Who talks to their phone? Google recently commissioned a little survey to find out. Below are some of their most interesting findings. Note: The report that Google shared split up its research population into two age groups, 17 and under, and 18-plus, so that’s why we’ve reported them that way.
The majority of Americans ages 13 to 17 talk to their phones every day (55 percent), as do a large proportion of American adults 18 and over (41 percent).
The most common reason teens use the voice recognition on their phones is “just for fun” (51 percent). Adults are most apt to ask for directions (40 percent). In general, the most popular answers to this question were for short stretches of speech, such as calling a contact or dictating text messages, but you can use voice recognition for a lot more than that. Back in April, Slate published an essay that I liked, in which author Will Oremus wrote entirely by dictating to his phone. “Our mobile devices have gotten surprisingly good at understanding us—probably a lot better than you remember, if you haven’t tried talking to your phone in a while,” Oremus wrote.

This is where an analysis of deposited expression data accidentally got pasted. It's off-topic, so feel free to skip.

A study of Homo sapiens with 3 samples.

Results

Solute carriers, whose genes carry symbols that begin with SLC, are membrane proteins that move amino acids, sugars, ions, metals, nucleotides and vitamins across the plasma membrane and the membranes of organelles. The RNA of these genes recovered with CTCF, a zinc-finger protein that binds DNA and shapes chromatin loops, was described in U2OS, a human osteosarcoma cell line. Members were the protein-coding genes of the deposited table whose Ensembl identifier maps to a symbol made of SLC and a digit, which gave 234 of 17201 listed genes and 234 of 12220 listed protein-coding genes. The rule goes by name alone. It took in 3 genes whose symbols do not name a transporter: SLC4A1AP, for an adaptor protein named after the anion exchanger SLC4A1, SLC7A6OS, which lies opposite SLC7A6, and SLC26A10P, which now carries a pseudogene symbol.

Because one screen is not enough, 59 percent of teens and 36 percent of adults said they use voice recognition on their phones while they’re watching TV. That’s the most common time for both age groups for chatting with their phones.
Twenty-two percent of teens and 15 percent of adults talk to their phones while they’re in the bathroom. I wonder if Siri can tell—because you can totally tell.
Forty-five percent of U.S. adults said they felt “like a geek” when they talked to their phones, while 56 percent said using voice commands make them feel “tech-savvy.” I wonder how well these answers correspond to whether said adults were geeks or popular kids in school.
When surveyors asked respondents what their dream capability would be for voice recognition, adults most commonly wished for their phones to tell them where their keys were (44 percent), while teens wished for the phone to order them a pizza (45 percent).
Private research company Northstar conducted the survey for Google, gathering answers from 400 people in the U.S. ages 13 to 17, and 1,000 Americans ages 18 and older. The survey respondents’ answers were weighted to make them representative of the U.S. in terms of age, gender, region, and level of smartphone use.